Santarem, first settled in 1661 by Jesuit priests, is today one of the Amazon's most important centers of commerce.
It is here that the murky (brownish-yellow) waters of the Amazon River meet the aquamarine waters of the Tapajos River. For some distance (after joining) the different colored waters don't mix and there's a very visible dividing between them. See the bottom of this page.
Just a few miles to the southwest of Santarem along the Tapajos River, the charming village of Alter do Chao is a popular tourism destination for Brazilians.
Literally surrounded by the Amazon Jungle and fronted by the Amazon River, Santarem street art uses an obvious theme.
Few roads exist in this area of Brazil so riverboats literally cover the city's shoreline, from end to end. They take animals, people and supplies up and down the river 24/7.
This is a very typical street in the Santarem, one that leads down to the river.
This city, like most that I've seen in South America, uses bright colors almost everywhere. The local Catholic church was no exception.
In town there seemed to be only three types of stores; one that sold shoes, one that sold clothes and one that sold hammocks. I guess that's why I saw mostly women on the street.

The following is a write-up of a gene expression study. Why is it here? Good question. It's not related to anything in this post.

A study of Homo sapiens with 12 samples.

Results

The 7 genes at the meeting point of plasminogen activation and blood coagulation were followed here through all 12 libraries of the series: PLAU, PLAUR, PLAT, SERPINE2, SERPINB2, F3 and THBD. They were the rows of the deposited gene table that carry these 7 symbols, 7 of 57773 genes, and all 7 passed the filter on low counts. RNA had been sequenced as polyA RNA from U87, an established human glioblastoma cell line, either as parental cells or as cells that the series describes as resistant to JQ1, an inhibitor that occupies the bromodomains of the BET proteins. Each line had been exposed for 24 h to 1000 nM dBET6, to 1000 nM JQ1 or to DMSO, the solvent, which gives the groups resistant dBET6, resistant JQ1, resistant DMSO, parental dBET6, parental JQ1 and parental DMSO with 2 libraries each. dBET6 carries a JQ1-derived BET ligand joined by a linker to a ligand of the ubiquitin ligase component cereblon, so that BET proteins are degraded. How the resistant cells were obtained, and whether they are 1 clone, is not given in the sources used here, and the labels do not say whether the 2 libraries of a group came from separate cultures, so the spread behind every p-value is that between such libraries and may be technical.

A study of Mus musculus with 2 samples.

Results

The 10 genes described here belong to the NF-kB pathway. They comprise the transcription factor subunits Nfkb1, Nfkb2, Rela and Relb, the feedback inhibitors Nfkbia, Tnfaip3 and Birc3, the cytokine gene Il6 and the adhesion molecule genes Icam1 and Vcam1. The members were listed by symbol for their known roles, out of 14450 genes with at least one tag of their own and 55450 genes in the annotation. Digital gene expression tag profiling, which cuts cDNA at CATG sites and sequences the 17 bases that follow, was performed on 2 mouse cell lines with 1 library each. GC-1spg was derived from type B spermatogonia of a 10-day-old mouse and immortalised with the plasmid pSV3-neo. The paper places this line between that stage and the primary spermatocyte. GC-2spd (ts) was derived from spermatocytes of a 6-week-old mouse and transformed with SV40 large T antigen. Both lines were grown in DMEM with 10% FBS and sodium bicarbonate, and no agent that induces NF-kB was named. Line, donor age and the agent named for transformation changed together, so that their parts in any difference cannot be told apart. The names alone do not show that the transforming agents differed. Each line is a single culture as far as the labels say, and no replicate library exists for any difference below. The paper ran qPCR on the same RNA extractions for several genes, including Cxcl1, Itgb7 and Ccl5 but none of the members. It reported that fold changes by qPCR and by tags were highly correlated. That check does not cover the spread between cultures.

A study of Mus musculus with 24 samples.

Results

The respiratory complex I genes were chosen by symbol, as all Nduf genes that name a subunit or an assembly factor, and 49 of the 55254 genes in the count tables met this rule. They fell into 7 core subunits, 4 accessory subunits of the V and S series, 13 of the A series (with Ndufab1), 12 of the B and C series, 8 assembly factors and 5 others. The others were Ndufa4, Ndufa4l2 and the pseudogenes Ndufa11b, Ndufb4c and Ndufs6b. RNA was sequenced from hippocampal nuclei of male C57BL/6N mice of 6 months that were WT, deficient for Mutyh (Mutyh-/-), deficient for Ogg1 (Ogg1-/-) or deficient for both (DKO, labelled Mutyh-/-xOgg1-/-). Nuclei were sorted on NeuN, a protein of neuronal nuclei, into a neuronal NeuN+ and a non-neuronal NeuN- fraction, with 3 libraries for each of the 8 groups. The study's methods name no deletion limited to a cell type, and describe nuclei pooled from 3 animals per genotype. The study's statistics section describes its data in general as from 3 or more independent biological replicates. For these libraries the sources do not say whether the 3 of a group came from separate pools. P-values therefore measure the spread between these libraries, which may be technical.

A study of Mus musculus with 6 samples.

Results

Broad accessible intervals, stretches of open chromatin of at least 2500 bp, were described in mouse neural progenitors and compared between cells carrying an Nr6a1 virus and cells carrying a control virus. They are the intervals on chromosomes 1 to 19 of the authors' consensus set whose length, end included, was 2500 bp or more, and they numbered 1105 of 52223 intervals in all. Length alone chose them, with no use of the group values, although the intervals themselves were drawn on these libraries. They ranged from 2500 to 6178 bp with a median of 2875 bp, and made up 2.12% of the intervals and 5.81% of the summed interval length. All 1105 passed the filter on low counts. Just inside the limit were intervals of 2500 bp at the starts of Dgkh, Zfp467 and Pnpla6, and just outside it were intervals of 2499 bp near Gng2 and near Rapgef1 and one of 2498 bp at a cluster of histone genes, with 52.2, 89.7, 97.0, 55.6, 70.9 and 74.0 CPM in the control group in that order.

This ficus tree, and a few dozen just like it, provided shade for shoppers and merchants in the central market.
Now I ask you.....if you developed a tooth ache while visiting Santarem, would you go to a dentist with a questionable reputation, or would you use this one? I know what I would do.
Off the edge of Santarem the murky (brownish-yellow) waters of the Amazon River meet the aquamarine waters of the Tapajos River.
For some distance (after joining together) the different colored river waters don't mix and there's a very visible dividing line.
The locals call this the "Meeting of the Waters," and it's a very unique phenomenon.